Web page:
As our nation struggles with how to commemorate the Thanksgiving holiday amid a pandemic, it’s important to remember that we humans have a natural propensity to share with one another even when our resources are limited.

Despite the cynicism and judgments of the modern age, many of our ancestors understood that their wellbeing was dependent on the wellbeing of the collective group.

In fact, it could be argued that the existence of the institutional philanthropy and charity that we recognize today is a modern representation of our inherent drive  to help one another.

Yet, while the spirit of philanthropy may lean towards a community of support, philanthropic practice is often more guilty of hoarding the sector’s resources and maintaining a power structure that primarily benefits itself while excluding those whom it should empower.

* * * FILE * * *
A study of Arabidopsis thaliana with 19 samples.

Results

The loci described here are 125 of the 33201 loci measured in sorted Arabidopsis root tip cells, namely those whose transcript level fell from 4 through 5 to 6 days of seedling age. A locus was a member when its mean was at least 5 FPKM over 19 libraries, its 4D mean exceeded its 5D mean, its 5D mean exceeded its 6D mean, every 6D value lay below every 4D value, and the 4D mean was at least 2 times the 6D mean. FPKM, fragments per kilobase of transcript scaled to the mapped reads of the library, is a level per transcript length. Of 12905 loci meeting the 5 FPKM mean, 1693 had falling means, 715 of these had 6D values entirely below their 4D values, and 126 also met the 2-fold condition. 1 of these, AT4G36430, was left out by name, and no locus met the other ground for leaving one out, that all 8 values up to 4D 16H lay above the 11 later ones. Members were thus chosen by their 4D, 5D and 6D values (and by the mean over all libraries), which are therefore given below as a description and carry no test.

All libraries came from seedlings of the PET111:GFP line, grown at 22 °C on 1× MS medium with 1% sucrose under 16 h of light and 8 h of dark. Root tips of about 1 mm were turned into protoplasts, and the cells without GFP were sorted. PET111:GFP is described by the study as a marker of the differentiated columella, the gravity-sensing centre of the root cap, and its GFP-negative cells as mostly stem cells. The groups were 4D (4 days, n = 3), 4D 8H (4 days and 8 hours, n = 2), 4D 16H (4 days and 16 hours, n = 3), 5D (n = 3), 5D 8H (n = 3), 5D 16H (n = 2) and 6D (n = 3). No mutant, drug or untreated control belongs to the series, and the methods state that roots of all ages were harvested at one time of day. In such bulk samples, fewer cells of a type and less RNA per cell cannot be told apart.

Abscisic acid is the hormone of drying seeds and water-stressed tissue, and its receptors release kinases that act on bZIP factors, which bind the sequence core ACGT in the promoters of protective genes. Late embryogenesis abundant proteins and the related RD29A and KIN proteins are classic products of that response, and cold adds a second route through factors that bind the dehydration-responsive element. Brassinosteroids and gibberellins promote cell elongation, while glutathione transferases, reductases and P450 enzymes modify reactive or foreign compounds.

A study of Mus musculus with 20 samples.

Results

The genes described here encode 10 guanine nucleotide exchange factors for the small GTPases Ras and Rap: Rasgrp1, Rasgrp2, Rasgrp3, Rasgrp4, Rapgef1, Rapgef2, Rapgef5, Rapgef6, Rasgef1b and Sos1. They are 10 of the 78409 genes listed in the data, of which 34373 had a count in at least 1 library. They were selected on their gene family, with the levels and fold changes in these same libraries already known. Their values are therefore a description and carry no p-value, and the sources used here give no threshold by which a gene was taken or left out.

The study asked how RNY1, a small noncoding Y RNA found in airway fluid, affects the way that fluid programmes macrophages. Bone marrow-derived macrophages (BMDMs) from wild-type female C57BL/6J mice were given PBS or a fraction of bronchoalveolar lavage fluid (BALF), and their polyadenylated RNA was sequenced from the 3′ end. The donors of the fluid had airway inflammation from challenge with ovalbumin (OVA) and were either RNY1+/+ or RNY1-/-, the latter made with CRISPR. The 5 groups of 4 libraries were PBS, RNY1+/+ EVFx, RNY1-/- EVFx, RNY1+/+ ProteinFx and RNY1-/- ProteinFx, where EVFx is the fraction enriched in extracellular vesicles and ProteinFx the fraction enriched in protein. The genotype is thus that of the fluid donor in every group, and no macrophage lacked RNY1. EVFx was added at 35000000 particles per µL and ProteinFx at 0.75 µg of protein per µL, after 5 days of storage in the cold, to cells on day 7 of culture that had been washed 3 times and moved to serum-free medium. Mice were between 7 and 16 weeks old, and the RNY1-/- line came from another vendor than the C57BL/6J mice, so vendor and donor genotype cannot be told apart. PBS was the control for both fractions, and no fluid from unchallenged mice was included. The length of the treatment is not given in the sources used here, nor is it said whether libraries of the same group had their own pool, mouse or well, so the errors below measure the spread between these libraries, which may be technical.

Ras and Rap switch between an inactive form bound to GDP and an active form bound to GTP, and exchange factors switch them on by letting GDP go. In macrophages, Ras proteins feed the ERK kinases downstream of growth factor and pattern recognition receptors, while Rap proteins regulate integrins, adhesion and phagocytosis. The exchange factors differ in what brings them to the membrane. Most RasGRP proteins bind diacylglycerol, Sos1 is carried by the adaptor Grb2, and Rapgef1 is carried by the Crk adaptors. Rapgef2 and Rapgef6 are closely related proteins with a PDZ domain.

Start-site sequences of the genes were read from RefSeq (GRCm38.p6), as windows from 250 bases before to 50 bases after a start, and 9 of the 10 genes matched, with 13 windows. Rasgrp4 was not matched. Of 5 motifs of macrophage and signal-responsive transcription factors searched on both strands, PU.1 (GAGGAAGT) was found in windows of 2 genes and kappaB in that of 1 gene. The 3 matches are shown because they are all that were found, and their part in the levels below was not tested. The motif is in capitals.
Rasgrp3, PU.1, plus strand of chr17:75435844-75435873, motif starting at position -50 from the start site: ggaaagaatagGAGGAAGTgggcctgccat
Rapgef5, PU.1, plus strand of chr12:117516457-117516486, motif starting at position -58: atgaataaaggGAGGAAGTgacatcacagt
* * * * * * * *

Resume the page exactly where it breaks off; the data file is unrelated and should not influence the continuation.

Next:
That’s why it’s so important, especially in this season, to lift up examples of those who push against this debilitating norm.

When we hear examples of funders who understand this issue and take meaningful steps to address this unfair power imbalance, it’s a step towards creating a better world for all of us who share this planet.

We created Power Moves, our self-assessment toolkit to help funders evaluate how well they are building, sharing and wielding power, to address this very issue.

Today that funder is the Stupski Foundation. They recently teamed up with PEAK Grantmaking to relay how they have redesigned their grantmaking process as part of their broad effort to meaningfully share power with their grantees and the communities they serve.

Read the full article about sharing power by Eleni Refu at the National Committee for Responsive Philanthropy.